Monday, November 14, 2011

Making Sense of the Madness (Adobe)

So, I'm trying to write a quick and non FUD post about the recent Adobe news on Flex and Flash. I'm going to say a few things here, and everyone knows I'm an Adobe fanboy, but this stuff hit pretty hard and Adobe is not taking steps behind the scenes to clear up the confusion so the rumor mill is flying. Many peers and friends are now stuck in the lurch trying to figure out what is happening to their careers and the platform they spent years building. Primarily, what do we tell our clients that we worked hard selling these technologies as recently as last week. Here is what Adobe needs to address:
  1. Adobe did a terrible job working with and through the community that serves them well. They have abandoned the roadmap and have made us look inept. This needs to be addressed. A new roadmap needs to be released ASAP. Let everyone know you have a plan for the next few years and GET THE COMMUNITY BEHIND IT.
  2. Adobe needs to address our concerns with HTML5. They abandoned a great technology (Flex) for a technology that doesn't even have a spec defined yet. They may not have abandoned Flex at all, but man are they doing a shitty job saying that. Just let us know the plan for transition and what timeframe it happens in.
  3. What is happening with ColdFusion? We need to hear that the budget and plan has not been changed. SHOW THE ROADMAP!
  4. What's going on with AIR and mobile? Flex was the 'go to' for us to build cross platform apps. HTML5 makes great web sites. How about native apps. Don't tell me I HAVE to use PhoneGap. My hope is that I will still be using ActionScript to write AIR apps, but who knows! Adobe needs to let us know.
Mainly, Adobe needs to stand up and work on some succinct messaging and we need to see the 1, 2, and 5 year plans. Adobe can do whatever they want. That's fine, they need to do what they need to do to make $$. What is unacceptable is the poor messaging, divergence from their community focus and lack of response to the current mess they have made with their poor release of information. Hopefully when the dust settles, we will see this:
  1. Spoon takes care of Flex, and it doesn't turn into the mess that was the CFML Advisory Board debacle.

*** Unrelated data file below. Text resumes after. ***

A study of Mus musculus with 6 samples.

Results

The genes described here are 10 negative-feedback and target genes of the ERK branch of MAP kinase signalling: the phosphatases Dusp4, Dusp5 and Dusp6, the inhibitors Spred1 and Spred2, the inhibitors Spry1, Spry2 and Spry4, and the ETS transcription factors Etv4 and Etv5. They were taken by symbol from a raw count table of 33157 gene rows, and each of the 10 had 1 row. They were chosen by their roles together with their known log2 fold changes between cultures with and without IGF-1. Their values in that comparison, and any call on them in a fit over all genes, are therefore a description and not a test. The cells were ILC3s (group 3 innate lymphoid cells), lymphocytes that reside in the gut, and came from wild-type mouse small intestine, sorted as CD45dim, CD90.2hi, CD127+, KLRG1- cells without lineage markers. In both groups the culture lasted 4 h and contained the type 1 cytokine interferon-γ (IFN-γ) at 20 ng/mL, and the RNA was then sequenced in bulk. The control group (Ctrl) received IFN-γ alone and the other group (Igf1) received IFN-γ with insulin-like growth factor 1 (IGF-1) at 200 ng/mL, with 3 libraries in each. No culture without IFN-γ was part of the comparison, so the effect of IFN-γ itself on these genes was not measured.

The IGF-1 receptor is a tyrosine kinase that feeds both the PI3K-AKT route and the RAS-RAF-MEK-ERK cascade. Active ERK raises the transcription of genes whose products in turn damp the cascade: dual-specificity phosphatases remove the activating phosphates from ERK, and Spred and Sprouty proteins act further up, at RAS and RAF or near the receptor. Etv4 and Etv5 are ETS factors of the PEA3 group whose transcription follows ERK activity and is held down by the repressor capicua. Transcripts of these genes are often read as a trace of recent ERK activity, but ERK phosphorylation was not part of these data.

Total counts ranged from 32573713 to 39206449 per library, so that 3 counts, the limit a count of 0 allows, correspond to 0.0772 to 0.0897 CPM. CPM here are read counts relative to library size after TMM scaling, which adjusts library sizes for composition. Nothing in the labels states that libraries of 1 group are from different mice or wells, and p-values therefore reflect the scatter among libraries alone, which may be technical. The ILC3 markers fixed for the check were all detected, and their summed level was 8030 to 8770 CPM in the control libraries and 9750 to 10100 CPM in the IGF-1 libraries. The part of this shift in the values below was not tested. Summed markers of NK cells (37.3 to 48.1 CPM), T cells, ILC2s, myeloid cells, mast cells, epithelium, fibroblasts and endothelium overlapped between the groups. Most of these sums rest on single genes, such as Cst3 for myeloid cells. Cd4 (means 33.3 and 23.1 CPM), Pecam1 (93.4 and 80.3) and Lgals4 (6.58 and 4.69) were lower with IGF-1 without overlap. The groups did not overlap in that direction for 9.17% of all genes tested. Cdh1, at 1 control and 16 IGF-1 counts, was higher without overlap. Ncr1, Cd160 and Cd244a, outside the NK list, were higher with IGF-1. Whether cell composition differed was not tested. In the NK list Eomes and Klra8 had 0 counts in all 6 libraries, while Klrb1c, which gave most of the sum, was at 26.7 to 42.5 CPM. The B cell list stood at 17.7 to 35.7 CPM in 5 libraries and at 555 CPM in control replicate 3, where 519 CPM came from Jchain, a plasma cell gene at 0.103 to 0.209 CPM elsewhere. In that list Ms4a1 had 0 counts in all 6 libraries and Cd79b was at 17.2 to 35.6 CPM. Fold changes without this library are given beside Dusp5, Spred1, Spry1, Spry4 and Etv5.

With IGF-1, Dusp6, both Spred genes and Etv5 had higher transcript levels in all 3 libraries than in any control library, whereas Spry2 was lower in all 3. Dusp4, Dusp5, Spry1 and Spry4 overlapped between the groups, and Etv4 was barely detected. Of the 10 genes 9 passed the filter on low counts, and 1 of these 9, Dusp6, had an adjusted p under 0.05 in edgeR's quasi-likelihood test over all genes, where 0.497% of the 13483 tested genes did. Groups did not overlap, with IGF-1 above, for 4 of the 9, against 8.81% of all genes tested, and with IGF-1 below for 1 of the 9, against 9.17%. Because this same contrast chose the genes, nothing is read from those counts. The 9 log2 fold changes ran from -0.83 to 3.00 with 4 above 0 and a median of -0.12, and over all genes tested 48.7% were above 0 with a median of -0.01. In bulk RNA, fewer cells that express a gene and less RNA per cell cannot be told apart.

2. Clients embrace Flex post Adobe, just like they embrace jQuery, Drupal and other OSS projects.
  3. Adobe continues to support AIR mobile apps written in ActionScript.
  4. Adobe continues to support Flash Builder with Flex, or opensources what exists.
  5. ColdFusion doesn't disappear into the darkness next week ;)
  6. LiveCycle goes through a 4th retooling and minimizes it reach and focus to core concepts. Adobe also retools the pricing structure to reflect this change.
  7. DRM and DAM becomes a focus with easy tools (outside of LiveCycle) that allow us to work them right into our production workflow.


  1. Nice post Nic,

    In the past, Adobe marketing folks (rightfully so) have had a very tight control over what gets released to the public about future product plans.

    In my opinion, now it's time to take the risks involved in disclosure and be a bit more transparent in the weeks to follow to assure the development community, users and their clients that they have a road map. If certain things cannot be made public, leverage the ACP program (since we are all under NDA) to help assure the community.

    Off course, all of this is dependent on whether that road map is solid, reliable and allows a smooth adoption plan instead of abruptly causing disruption and fear. The partnership between Adobe and its clients has to be a commitment from both sides. Not everything will be agreed on. The new direction may be the correct one, and I understand that at the end of the day the real clients are the shareholders. But shares are valued based on the community that uses and implements Adobe's products and can walk into a client/stakeholder's meeting with faith that they are pitching a reliable and well supported development platform now and in the near future.

  2. I was wondering how Adobe differs from other companies in this regard. Does Apple, Microsoft, IBM, etc. have roadmaps on future releases and technology? Which way works best?

  3. Not sure. I've seen roadmaps come out of Apple and Microsoft in the past. I know Apple has an internal roadmap for products for like the next 6 years. Personally, I don't care. With Adobe, who I am tied to, they switched direction too quickly for a large company, or just really got their messaging fubared. I have clients that need to hear what the plan is right now. That's all I care about. Adobe is burning bridges for me by not coming out with the 'plan' publicly.

  4. I would be happy to just know what the ACF + Java 7 plans are.